Weinberg's 3rd Symphony, written in the aftermath of the Zhdanov denunciation of leading soviet composers (including Weinberg himself)is a very endearing, approachable work. As with Miaskovsky in his underrated 26th Symphony, Weinberg responds to the demands of the Socialist Realist state without compromising his integrity - the result is a work of considerable poignancy and eloquence. Of the symphonies I know I would place this together with the 5th (Weinberg's greatest symphony), the 6th and the 1st Symphony as my favourites. The 3rd Symphony has some folk song influence (like Miaskovsky's 23rd Symphony) and is lyrical and tuneful throughout. The CD runs for under 50 minutes which is poor value for a full-price CD these days, but there are very helpful booklet notes and a great photo of the composer (smiling for once)and his dog at a composer's retreat in 1968.
Well worth invesigating - I have played this CD often with much enjoyment.
on 14 September 2012
Mieczyslav Weinberg (1919-96) lived the greater part of his life in the shadow of prejudice, persecution and neglect. He was born a Polish Jew and pursued his early music studies in Warsaw. Most of his family were murdered by the Nazis during the occupation, but by a stroke of good fortune, he escaped when Shostakovich came across Weinberg's Fisrst Symphony and was sufficiently impressed with the younger composer's potential to arrange for him to continue his career in Moscow where he spent the rest of his life. Here, too, however, Weinberg encountered hardship, suffering, like many others, under Zhdanov's castigation of Soviet composers who were considered too "formalist", and also under Stalin's purges. At one point he was arrested on the ridiculous charge of attempting to help set up a Jewish state in the Crimea, and was only saved from execution by the courageous intervention of Shostakovich. The older composer, in fact, remained a good friend and mentor, and was so impressed by Weinberg's Sixth Symphony that he used material from it in his own teaching. Still, it was inevitable that Weinberg should live under his shadow, and that of Prokofiev, the other great luminary of the day.
Thanks to the efforts of Chandos and other recording companies, we are now beginning to see Weinberg emerging fron the shadows to receive a proper assessment of his worth. What we are finding is a composer of the highest quality who is well able to stand with the Soviet "greats" entirely on merit. For those who are coming to Weinberg for the first time, the Symphony No.3 is a great place to begin.
Much of the first movement is underpinned by an undulating ostinato rhythm that passes effortlessly from one orchestral group to another. The opening theme sounds airy and untroubled, a mood which is maintained throughout much of the movement. Later this theme is transformed by the brass into something more martial, but the melodic appeal is never far away. The coda is more solemn and mysterious. The short scherzo is skittish and dance-like with the character of those sets of dances at which so many British composers have excelled - but here, of course, in Russian dress. The appealing folk-like nature of much of the music (to some extent forced upon Weinberg by the hawkish Zhdanov regime) is seen to good effect here.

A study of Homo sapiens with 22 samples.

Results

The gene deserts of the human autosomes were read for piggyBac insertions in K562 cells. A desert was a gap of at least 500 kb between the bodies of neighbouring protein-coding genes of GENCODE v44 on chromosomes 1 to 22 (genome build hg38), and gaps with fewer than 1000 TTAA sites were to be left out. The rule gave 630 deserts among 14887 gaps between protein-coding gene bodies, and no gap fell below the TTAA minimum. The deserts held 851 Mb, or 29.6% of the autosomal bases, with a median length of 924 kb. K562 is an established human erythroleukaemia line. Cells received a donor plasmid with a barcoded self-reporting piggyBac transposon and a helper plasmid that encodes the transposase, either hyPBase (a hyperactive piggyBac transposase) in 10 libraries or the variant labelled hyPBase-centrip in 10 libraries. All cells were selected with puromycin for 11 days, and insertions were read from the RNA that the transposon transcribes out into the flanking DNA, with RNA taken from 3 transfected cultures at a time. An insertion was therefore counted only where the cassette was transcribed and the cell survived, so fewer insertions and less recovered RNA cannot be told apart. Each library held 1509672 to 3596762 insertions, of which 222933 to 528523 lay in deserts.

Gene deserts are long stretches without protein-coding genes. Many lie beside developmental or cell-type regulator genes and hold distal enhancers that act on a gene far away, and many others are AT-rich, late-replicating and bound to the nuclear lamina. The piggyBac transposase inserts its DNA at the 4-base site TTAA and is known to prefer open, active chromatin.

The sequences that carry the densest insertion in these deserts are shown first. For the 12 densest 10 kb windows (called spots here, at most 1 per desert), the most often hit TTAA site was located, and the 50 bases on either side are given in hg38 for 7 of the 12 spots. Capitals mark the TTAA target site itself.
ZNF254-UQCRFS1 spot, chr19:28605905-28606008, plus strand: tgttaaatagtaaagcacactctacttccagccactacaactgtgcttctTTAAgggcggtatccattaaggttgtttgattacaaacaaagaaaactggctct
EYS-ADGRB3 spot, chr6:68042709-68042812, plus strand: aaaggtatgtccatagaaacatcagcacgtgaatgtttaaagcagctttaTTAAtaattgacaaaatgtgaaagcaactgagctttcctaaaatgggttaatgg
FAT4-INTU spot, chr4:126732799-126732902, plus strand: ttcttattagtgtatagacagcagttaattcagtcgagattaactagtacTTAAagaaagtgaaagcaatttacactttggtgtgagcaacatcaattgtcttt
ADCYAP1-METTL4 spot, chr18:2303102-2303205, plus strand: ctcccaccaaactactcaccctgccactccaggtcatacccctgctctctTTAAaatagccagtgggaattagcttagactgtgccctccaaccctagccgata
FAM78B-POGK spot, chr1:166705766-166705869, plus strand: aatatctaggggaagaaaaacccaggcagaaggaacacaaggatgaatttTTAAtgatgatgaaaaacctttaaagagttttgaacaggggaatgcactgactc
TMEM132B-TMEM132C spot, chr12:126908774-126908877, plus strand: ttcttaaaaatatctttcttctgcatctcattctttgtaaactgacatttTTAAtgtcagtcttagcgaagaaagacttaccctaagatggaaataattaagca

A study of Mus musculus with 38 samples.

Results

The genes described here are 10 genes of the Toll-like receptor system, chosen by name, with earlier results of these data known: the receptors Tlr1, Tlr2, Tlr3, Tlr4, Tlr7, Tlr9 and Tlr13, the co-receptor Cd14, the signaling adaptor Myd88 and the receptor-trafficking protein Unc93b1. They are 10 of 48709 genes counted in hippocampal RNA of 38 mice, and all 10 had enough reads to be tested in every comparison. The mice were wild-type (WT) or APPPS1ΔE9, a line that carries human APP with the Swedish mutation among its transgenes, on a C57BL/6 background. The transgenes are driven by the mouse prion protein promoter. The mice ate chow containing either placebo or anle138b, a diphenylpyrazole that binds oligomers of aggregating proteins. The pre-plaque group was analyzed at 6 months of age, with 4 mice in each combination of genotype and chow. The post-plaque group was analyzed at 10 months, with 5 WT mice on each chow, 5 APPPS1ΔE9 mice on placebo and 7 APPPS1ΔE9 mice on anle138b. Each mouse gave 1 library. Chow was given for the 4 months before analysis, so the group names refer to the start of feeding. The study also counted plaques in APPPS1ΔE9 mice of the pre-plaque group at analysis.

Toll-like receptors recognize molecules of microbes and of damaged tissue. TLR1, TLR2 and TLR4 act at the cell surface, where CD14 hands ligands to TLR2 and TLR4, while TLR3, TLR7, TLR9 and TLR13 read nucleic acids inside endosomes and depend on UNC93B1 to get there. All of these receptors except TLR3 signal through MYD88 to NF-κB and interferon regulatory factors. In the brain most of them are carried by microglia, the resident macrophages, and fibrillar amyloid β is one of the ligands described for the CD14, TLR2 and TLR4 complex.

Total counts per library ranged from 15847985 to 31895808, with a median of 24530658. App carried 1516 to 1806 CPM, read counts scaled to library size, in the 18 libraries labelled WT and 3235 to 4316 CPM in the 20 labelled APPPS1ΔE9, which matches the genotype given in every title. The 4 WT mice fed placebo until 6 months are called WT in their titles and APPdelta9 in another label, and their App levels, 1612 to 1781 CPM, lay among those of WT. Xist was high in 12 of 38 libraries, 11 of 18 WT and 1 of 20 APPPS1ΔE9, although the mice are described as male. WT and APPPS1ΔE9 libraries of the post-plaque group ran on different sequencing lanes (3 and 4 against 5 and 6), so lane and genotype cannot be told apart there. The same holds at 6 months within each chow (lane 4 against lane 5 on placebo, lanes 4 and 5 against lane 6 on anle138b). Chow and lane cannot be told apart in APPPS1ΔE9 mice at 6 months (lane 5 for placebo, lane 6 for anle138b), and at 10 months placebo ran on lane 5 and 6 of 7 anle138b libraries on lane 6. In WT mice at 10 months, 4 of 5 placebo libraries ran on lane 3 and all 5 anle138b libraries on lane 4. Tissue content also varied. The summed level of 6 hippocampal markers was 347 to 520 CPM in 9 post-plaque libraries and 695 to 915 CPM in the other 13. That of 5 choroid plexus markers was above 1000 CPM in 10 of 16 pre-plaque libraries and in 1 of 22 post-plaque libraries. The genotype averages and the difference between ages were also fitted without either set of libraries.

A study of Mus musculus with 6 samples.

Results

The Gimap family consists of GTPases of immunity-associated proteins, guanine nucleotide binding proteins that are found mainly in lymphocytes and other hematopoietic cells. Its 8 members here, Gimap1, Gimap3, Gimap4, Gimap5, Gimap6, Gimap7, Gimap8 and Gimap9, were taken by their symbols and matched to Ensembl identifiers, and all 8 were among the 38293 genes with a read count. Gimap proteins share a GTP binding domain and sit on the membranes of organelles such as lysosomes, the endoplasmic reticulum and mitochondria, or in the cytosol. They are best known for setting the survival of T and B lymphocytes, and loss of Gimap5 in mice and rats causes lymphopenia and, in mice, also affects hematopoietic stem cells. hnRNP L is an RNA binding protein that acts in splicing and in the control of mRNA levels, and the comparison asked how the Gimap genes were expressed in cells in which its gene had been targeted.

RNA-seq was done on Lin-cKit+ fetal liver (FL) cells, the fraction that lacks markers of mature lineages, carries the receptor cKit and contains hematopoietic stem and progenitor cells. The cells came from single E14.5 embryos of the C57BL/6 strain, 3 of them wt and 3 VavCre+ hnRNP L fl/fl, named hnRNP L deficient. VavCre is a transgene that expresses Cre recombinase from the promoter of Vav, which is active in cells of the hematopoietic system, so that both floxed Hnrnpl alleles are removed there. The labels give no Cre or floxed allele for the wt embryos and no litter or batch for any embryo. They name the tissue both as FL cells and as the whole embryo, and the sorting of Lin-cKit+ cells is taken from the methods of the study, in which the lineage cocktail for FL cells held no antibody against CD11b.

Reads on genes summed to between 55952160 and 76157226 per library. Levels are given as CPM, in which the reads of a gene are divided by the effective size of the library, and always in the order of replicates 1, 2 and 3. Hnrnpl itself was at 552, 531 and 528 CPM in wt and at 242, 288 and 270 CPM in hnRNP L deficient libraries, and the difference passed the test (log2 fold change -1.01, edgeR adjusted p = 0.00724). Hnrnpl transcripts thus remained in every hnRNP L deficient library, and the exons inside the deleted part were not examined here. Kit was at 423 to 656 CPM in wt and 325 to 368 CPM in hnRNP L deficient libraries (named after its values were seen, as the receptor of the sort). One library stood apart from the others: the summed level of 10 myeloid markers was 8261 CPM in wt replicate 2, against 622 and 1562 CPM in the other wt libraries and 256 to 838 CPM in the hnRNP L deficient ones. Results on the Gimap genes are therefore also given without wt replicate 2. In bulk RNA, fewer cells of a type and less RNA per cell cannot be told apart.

The slow movement opens with a heart-rending, yet dignified theme which gradually builds to a darker, more anguished middle section before returning to the calmer waters of the beginning. The finale is very much in the heroic tradition of the time (another Zhdanov requirement), such as one hears in Shostakovich's Fifth. Indeed, close your eyes, and this could so easily be Shostakovich (the two final chords in the slow movement are lifted straight from the ending of its counterpart in the aforementioned symphony). Still, given that the young Weinberg owed so much to the great master, it is hardly surprising that he should repay the debt through his music.
The "filler" on this recording is the Suite No.4 from the Golden Key, a ballet whose music lies rather in the Prokofiev/ Stravinsky tradition. The Gothenburg Symphony Orchestra under Thord Svedlund gives a splendid account of both works.
on 18 May 2011
There's no competition for this recording so you can't get an idea how another conductor, orchestra en production team would commit these works to disc but in the meantime: be happy Chandos continues to record the Weinberg symphonies, there're still a lot of volumes to go, and buy it. Orchestral playing is very good, recording warm and spacious, even has some admirable depth. Could have been a good `normal DDD-recording' too though. The ballet suite is very Prokofiev-like (Cinderella f.i.) and the symphony fails to chose between Shostakovitch's irony, folk song, form and meaning and the Zhadov doctrine. But in Weinberg's canon it's a link not to be missed. If you're lucky you own an Olympia CD of the complete ballet; it was issued light-years ago and is only obtainable at very high prices. The suite is great too but the movements have different titles than in the original ballet and musical numbers are combined (by Weinberg). In the olden LP times a running time of 50 minutes was great; a SACD can easily handle 100 so it's a bit of a Chandos joke that this SACD is over at 50 minutes. The picture inside the booklet of the orchestra with Gustavo Dudamel is a joke too. He isn't even visible because the page is folded right through his nearly invisible back! LOL. Informative booklet notes BTW.